The National Museum of the American Indian opened in Washington DC last week on the last spot on the National Mall. We speak with renowned Native American writer and scholar Paula Gunn Allen as well as a Native American artist who helped design the museum. [includes rush transcript]
As many as 10,000 Native Americans traveled to the nation’s capital of Washington DC last week for the opening of the * National Museum of the American Indian* — and for many of them, for the first time it truly was their capital.
Nestled between the Air and Space Museum and the Capitol, the museum of the American Indian takes up the last spot on the National Mall.
Visitors can see more than seven thousand objects in the new museum. Some of them more than ten thousand years old. Exhibits include food and stone carvings, face coverings from the northwest coast of North America. Clothing and head coverings made of animal skins and feathers from the North American plains. Clay pots, woven baskets and silver jewelry from the southwestern United States.
While many applaud the idea behind the Museum of the American Indian, some groups like the American Indian Movement says there is not enough information about abuses inflicted by the U.S government. The AIM is calling for the museum to be renamed the National Holocaust Museum of the American Indian.
- Paula Gunn Allen, Native American writer and scholar. She is an indigenous New Mexican of Laguna Pueblo/Metis and Sioux descent and is hailed as the founder of American Indian literary studies. She is a professor emerita of English at University of California, Los Angeles. Her latest book Pocahontas: Medicine Woman, Spy, Entrepreneur, Diplomat received a 2004 Pulitzer Prize nomination.
- Ramona Sakiestewa, design consultant for the National Museum of the American Indian. She is a Native American artist and designer of Hopie ancestry.
AMY GOODMAN: We’re joined here in Albuquerque, New Mexico, by Paula Gunn Allen. She is a Native American writer and scholar, indigenous New Mexican of Laguna Pueblo and Sioux descent, hailed as the founder of American Indian Literary Studies. She is a Professor Emeritus of English at UCLA, University of California Los Angeles. Her latest book, Pocahontas: Medicine Woman, Spy, Entrepreneur, Diplomat, received a 2004 Pulitzer Prize nomination. We welcome you to Democracy Now! It’s great to have you with us. Can you respond to the establishment of this museum?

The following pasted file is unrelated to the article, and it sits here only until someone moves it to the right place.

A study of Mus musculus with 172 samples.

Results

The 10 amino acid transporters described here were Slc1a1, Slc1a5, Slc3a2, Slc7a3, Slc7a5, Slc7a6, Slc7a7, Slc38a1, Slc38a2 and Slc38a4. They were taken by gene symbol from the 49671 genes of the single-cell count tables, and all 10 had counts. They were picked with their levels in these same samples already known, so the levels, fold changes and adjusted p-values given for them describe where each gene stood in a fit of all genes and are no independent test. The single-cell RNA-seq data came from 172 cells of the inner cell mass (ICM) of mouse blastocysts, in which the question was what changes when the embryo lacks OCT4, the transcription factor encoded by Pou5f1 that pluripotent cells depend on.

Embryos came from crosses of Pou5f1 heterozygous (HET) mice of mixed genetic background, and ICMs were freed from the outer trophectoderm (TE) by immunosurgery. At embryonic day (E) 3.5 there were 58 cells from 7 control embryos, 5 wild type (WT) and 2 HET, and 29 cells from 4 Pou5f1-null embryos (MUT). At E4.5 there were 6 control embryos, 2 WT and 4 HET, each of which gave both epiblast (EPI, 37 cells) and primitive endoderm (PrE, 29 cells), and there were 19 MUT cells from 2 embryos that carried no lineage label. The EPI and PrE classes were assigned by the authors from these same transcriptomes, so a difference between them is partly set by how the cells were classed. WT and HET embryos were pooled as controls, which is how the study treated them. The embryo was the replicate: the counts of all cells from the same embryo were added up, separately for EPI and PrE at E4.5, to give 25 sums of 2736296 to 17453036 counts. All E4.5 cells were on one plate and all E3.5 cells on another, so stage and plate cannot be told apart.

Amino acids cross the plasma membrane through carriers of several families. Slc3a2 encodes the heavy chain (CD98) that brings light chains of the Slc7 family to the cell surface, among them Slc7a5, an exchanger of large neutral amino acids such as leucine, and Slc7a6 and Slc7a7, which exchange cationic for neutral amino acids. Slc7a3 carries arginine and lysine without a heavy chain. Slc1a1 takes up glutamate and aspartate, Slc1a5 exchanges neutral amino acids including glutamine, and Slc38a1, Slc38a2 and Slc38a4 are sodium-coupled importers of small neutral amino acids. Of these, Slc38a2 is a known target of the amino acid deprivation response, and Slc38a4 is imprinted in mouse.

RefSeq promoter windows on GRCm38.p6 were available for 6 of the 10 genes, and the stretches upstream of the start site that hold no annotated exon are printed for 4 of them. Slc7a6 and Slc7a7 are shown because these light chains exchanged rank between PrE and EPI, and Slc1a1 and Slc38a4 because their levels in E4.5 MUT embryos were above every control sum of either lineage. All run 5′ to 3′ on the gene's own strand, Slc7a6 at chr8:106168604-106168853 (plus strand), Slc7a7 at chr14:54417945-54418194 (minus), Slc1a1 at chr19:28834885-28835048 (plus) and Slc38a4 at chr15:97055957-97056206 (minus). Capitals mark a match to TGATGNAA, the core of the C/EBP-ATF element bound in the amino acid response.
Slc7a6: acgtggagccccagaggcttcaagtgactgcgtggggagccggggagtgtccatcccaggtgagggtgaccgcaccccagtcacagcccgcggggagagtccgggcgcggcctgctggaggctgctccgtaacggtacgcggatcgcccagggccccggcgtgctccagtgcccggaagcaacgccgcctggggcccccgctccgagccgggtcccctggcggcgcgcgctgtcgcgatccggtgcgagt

PAULA GUNN ALLEN: It’s an event I have been sitting here trying to think of what’s the word. I’m a poet and I cannot think of one. It creates in me and in everyone I have talked to since it opened, and I have been vaguely involved in it since the very beginning. I don’t know. It’s pride, it’s relief, it’s grief, it’s anguish, it’s joy, it’s beauty. I read some of the press releases, and they don’t like it because it doesn’t do white stuff. I’m rather interested that A.I.M. wants us to attack the United States, but you know, most of the folks don’t see any point in that. What’s important is that we’re here. We’re still occupied. There’s no post-colonial Native America. Nor will there ever be, unless all of you want to leave, but that’s not going to happen. So, what we have is our statement of how we are. That museum is about us telling each other about where we have been and what we have done, what’s been going on. And the outsiders are very unhappy that it doesn’t do what — it’s not scholarly enough or it’s not political enough or it’s not historical enough or it’s not ethnographic enough, it’s not white enough. As for the radical Indians, well, they have a point. They always have a point. I’m half in agreement with them, half of the time. But we are a little more conservative out here in the west. Actually, I have been back east and have talked to people from all kinds of tribes back there. It isn’t about confrontation to us. It’s about we’re here, and we’re not going anywhere. 400, 500 years, you cannot make us go away.
AMY GOODMAN: We’re also joined on the telephone by Ramona Sakiestewa. She is design consultant for the National Museum of the American Indian. She joins us from Santa Fe, where we were last night. You helped design this museum. Can you talk about its unusual design with no right angles, for example?
RAMONA SAKIESTEWA: Well, good morning. Yes, I would like to just play off of what Paula Gunn Allen said. The museum, even in its conceptual shape, reflects over 150 meetings with indigenous people from throughout the Americas. This was a collective vision. The shape is really in reference to the landscape and is carved from something that was — over time to make you remember wind and water and what it does to the landscape. There’s a great deal of memory inherent in the landscape itself about Washington long before it was Washington, D.C., but when it was a wetland.
JUAN GONZALEZ: Amy, I —
AMY GOODMAN: Can you just —
JUAN GONZALEZ: I’d like to ask —
AMY GOODMAN: Juan, go ahead.
JUAN GONZALEZ: Yes, I’d like to ask Ramona, in terms of the funding for the museum, did this come largely — was this the federal government or was it private sources? How did the idea and the — how did the museum come to life in terms of funding?
RAMONA SAKIESTEWA: It was — this is really a question for Rick West, but in generalities, it was the legislation for it was November 28, I believe, 1989, and the funding was both federal and had to be at least half privately funded, and I believe more than half was privately funded.
AMY GOODMAN: Well, Ramona Sakiestewa, designer for the National Museum of the American Indian, and Paula Gunn Allen, I want to thank you for being with us. I hope to have you back, Paula Gunn Allen, to talk about your book, to talk about Pocahontas and talk to about a different version of history in this country.